An educator listens to a child while working with clay.

Here at the Frog Hollow Reggio-Inspired Learning Centre we’re always looking for ways to spread the word about the many amazing benefits of the Reggio Emilia approach to early childhood education. The Reggio Emilia approach has inspired many around the world since its inception after WW2. It is not a teaching method per se, but an approach to learning.

We see a big part of our role as helping people learn more about Reggio Emilia and to inspire parents, educators and the community to re-imagine how we educate our children. We are inspired by Reggio Emilia and we hope you will be too. Here are a few Reggio-inspired ideas that we think capture the main principles:

A capable child is a curious child. By seeking answers and testing out their ideas, children find hundreds and hundreds of ways of expressing themselves and experiencing the world around them. Acknowledging they are capable of exploration and creating environments to encourage this, creates curious, confident and joyful children.

Children have a right to a beautiful environment. By beautiful we don’t just mean aesthetically, but also an environment that inspires the senses and adds depth and fluidity to their activities – an environment inspired by the natural world and all the possibilities it has to offer.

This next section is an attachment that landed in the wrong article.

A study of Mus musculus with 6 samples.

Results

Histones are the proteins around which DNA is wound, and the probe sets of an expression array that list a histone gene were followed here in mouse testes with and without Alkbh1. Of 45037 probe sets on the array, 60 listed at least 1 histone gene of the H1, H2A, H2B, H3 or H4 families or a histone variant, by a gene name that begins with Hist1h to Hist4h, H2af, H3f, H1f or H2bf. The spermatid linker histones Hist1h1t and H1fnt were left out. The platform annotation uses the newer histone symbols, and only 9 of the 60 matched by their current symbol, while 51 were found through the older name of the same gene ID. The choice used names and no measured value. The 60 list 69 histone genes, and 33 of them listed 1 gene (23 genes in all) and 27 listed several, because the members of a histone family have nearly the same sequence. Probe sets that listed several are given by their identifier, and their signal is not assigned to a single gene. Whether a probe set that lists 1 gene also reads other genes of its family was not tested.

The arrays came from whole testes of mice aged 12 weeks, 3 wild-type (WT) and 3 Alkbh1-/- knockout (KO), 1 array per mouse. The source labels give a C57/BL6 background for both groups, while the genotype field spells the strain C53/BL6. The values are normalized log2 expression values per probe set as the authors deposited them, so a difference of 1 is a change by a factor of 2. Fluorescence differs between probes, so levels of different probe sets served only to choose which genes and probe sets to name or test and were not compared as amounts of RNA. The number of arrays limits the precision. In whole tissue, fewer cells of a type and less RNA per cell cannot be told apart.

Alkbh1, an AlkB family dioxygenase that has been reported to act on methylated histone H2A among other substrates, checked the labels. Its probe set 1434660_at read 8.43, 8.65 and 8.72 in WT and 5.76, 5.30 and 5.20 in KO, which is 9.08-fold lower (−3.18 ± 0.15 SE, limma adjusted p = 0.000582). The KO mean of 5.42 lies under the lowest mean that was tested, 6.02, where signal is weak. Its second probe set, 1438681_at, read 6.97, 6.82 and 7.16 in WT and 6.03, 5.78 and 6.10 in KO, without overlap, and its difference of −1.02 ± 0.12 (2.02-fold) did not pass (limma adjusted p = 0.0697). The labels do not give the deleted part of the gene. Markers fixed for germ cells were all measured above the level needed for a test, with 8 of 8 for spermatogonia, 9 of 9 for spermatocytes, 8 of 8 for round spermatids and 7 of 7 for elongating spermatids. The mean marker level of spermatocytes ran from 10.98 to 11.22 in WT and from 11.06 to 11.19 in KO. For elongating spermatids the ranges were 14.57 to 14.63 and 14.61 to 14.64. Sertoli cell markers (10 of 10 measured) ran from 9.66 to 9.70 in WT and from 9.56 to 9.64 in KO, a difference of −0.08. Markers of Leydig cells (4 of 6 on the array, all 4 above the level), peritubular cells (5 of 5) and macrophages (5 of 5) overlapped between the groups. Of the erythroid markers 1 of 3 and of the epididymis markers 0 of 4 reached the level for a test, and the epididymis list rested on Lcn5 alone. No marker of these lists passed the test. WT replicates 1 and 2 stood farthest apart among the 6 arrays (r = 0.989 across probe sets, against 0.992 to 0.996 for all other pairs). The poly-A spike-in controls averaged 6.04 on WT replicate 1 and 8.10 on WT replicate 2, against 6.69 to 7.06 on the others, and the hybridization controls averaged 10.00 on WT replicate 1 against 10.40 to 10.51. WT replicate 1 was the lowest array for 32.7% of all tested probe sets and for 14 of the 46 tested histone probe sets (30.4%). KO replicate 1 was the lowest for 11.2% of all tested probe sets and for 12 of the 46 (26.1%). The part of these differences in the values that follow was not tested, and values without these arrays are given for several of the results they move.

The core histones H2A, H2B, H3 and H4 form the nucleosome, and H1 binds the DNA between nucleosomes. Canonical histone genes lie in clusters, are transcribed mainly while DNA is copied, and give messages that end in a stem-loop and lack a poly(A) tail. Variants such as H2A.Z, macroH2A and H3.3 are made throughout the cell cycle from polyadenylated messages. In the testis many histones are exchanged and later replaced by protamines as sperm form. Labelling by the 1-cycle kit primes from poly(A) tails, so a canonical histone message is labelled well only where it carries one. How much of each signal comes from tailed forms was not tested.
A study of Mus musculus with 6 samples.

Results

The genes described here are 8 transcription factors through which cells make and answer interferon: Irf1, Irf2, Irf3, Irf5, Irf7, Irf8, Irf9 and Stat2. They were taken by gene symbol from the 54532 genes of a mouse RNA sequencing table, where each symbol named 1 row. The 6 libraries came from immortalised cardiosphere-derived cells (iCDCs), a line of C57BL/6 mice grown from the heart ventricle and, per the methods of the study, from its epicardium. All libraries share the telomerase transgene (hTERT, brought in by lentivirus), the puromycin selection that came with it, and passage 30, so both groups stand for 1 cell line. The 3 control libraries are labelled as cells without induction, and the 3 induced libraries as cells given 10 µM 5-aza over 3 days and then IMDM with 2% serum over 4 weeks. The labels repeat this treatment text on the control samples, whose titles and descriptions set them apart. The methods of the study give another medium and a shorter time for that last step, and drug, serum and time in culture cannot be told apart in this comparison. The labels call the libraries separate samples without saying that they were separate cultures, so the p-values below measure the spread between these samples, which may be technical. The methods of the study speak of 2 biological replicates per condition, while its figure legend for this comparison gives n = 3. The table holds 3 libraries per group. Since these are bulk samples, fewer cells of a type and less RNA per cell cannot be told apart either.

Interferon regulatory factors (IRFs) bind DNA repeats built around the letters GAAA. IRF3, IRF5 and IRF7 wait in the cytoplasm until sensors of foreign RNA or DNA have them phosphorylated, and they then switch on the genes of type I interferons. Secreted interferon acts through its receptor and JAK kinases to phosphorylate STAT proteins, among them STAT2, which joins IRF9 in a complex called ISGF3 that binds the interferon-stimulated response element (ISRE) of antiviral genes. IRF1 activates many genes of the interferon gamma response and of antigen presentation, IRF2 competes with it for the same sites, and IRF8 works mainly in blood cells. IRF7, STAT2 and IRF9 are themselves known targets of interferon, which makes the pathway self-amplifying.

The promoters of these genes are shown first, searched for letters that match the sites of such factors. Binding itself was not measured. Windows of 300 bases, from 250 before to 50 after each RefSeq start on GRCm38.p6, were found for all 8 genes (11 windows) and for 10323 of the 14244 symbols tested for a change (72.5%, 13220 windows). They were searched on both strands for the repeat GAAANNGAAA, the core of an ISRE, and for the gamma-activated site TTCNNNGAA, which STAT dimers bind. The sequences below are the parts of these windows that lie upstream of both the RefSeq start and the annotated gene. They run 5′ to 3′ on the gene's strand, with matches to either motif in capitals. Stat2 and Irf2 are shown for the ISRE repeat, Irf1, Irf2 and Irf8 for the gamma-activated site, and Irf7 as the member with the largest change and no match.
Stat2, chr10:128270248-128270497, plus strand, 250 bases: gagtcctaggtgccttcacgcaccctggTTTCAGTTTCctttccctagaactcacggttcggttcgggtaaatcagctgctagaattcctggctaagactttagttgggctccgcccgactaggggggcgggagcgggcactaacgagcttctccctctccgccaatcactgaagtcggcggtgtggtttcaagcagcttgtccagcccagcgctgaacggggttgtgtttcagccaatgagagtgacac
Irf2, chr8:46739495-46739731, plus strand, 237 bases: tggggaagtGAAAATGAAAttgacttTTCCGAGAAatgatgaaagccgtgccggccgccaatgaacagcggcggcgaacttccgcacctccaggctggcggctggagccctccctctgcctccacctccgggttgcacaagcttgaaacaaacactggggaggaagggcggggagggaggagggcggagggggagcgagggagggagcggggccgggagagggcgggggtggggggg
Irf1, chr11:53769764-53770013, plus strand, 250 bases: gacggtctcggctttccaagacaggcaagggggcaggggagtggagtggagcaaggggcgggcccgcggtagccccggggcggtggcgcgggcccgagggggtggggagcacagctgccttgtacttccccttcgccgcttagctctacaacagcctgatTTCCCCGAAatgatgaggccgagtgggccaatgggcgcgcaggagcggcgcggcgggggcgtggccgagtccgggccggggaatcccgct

Children can participate in building community. Children are social beings and their energy, love and ideas can contribute to how our communities and culture are constructed, if we just listen and invite them to the conversation with the same respect we show adults.

Don’t be afraid of what you don’t know. For parents and those who work with children, being all-knowledgeable is not as important as being curious, kind and available. The Reggio approach believes we all should think deeply and question constantly, learn collaboratively and share our experiences and conclusions.

Observe, remember, reflect. Working alongside children, observing how they explore, listening their ideas, will allow parents and educators to stop leading and join children in the process of learning. As adults, we could choose to observe and document what we see and then share our reflections as an equal participant

Have we piqued your interest? Click here to learn more.